Well, I managed to get my first patch into OpenSolaris. It wasn’t anything major, just a couple simple script fixes but, it did get me to go through the entire process of contributing. A bit of a daunting task as there are a lot of things to keep in mind.

I also opened my big mouth and suggested an article for new developers.

I’ve decided to put some form of money where my mouth is. Possibly Monopoly money.

Anyway, here goes, some information to keep in mind when contributing to OpenSolaris.

OpenSolaris can be a bit of a frightening community. There is a lot of stuff going on over there. Some parts have a lot of activity, some have none. I guess like any community. The problem with this is it can be really daunting to get involved. Where do you start? What do you need to contribute? Hopefully this article will help.

Your first step on this road is to start getting involved in the communities. This really depends on what you want to help with but in general, signing up for OpenSolaris Discuss is probably a good place to start. After that it depends on what you want to do. If you’re looking to submit code patches it’s probably a good idea to sign up to the OpenSolaris Request Sponsor list which I’ll explain in a little bit. There are also lists relating to documentation, new users, system administrators, DTrace, ZFS and many others. Take a look through the OpenSolaris Forums page and see if anything strikes your fancy.

Ok, the rest of this article is going to be coming at this from the coding perspective as that’s where I’m coming from. Things are probably similar if you’re helping out in the other parts of the community.

Before you’ll be able to commit any code back to OpenSolaris you’ll need a contributor agreement. This is an agreement between you and Sun giving joint copyright on the code you submit. Without this agreement your code won’t be allowed back into OpenSolaris. You can learn more, and actually get the agreement on the agreement page. There is also a contributor agreement FAQ available.

When the agreements have been processed by Sun you will receive a contributor agreement number. Hold onto this number as you’ll need to reference it when submitting code.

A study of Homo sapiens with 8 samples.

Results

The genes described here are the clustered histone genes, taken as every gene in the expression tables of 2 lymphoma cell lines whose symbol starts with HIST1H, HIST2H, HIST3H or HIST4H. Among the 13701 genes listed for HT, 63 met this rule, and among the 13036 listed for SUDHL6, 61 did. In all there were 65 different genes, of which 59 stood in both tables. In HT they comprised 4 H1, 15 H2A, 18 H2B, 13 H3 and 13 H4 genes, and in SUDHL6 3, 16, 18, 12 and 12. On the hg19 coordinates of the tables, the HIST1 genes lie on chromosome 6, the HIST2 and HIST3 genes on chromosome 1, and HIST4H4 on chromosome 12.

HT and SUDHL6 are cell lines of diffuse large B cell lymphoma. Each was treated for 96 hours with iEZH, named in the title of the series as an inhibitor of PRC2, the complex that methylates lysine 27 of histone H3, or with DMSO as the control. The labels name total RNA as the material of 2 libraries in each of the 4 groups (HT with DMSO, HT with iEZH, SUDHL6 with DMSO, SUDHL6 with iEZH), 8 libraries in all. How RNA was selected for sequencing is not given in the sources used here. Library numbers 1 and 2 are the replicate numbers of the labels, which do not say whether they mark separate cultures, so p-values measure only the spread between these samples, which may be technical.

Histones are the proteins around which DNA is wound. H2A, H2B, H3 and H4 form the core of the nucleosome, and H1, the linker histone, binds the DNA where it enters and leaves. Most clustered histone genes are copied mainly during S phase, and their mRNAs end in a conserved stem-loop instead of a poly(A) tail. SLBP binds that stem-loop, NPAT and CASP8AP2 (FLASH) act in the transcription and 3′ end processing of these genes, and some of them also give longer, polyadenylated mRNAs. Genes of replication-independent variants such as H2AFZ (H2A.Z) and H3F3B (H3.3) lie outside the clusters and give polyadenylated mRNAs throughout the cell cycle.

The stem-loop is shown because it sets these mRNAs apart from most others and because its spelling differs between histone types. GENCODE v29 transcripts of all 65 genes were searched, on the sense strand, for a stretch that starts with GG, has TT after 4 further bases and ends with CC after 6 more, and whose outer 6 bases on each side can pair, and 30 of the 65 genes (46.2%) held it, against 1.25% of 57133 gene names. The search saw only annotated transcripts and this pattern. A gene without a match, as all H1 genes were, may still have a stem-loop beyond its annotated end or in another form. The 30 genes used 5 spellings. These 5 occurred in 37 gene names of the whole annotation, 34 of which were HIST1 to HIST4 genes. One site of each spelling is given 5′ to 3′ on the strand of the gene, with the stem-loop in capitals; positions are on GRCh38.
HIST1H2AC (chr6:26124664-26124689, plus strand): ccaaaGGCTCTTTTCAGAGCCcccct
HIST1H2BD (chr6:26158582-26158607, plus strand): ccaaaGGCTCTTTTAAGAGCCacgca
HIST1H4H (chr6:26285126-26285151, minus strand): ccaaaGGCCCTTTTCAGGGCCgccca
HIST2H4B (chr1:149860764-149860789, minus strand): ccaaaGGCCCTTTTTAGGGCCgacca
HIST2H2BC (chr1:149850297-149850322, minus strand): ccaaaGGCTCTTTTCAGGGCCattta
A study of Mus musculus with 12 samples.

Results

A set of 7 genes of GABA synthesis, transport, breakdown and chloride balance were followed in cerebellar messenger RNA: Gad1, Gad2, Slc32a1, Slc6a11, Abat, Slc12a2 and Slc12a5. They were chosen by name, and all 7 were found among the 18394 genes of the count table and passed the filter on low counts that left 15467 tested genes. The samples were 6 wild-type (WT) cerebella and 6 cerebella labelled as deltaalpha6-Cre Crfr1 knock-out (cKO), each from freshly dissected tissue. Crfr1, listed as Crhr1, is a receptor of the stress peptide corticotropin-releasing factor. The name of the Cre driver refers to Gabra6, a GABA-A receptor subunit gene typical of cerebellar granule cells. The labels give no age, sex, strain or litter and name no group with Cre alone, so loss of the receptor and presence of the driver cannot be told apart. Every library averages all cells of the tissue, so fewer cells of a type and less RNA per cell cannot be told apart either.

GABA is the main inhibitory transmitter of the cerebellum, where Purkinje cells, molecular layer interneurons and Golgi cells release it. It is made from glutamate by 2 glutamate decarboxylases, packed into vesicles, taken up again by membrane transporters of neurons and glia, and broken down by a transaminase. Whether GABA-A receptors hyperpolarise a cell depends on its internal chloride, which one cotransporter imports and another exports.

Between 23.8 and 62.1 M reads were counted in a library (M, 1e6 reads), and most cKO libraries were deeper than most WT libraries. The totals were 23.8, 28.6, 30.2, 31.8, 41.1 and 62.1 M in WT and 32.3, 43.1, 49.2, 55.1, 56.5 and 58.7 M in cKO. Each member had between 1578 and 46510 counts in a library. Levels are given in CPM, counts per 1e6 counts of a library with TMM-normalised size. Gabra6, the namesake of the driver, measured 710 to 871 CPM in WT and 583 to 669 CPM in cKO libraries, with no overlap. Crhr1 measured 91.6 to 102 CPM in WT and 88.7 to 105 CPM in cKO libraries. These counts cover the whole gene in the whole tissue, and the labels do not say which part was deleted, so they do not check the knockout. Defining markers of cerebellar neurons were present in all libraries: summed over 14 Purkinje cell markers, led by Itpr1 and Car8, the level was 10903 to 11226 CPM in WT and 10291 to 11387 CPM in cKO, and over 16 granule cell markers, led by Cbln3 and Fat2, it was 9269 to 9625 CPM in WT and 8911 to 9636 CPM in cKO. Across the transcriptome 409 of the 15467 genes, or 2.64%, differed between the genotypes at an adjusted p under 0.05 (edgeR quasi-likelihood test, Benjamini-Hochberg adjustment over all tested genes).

While our agreement is off being reviewed by Sun we can go ahead and get ourselves setup to do some development. The first thing you’ll need is a base system to install OpenSolaris onto. You can get more information on getting setup here. The downloads page also gives some links to various distributions and build instructions.

Once you’ve got a base system installed you can either grab the current source code as a tarball or from the Mercurial repository. The tarballs are available at: http://dlc.sun.com/osol/on/downloads/current/ and Mercurial information is available on the project page.

The process to build and install the software is laid out in the README and in the Developers Reference Document.

When you get everything installed correctly, and if you’re like me this means doing it at least twice as the first install turned the computer into a brick, you can start fixing bugs and adding features.

There are a few different places you can look for stuff to work on if you don’t have something in mind already. The OSS Bite Sized list is a good place to start. These are bugs that are considered small and good starting points. Before embarking on any of these you might want to check the Request Sponsor list to see if anyone is working on the bug yet.

You can also search the bug database for other bugs to work on. A couple of the possible search keywords include:

  • oss-bite-sized
  • speeling
  • oss-request

When you’re change is complete you’ll need to make a diff of the change to send in for review. There are a couple of different ways to do this depending on what system you used to receive the code.

If you’re using Mercurial you can do something like (note my Mercurial usage sucks and there is probably a better way to do this):

hg commit hg export tip

This will output a diff of the last change commited. You can also do hg diff and give it a revision number to get all the changes from that revision.

If you’re working with a tarball then you’ll probably want to resort to trusty diff. Before you start editing a file make a backup copy of the file and then something like diff -u file.old file should do what you need.

With your diff in hand you can now send it into the request sponsor mailing list. In order for your code to be put back into the main repository you require a sponsor within Sun. The request sponsor mailing list is where you can go to ask someone to sponsor your work. In order to make it simplest for the developers you can set your subject line to be the bugid and bug synopsis (eg: 6489619 nightly options list should be sorted) or, if the patch fixes multiple bugs, just list the bug ids in the subject.

The body of the email should contain, again, the bug id, the bug synopsis, your contributor agreement number and have the patch attached. Any other information you think is relevant, like why you fixed the bug in a specific fashion can also be helpful.

At this point, hopefully, a Sun engineer will pickup the bug and run with it. They’ll integrate your patch into their repository, do some testing, send out a request to get some reviewers and all the other dirty work. There is probably a good chance they’ll come back and ask for some changes to the patch. Nothing to worry about, this is normal. Make any needed fixups and send them a new diff.

If the patch changes something fundamental in Solaris then you might need to get ARC review. I’m not exactly sure how this works as I’ve never had to deal with it. Just listed here as a quick heads up.

That’s it. Hopefully at this point you’ve got something integrated back into OpenSolaris.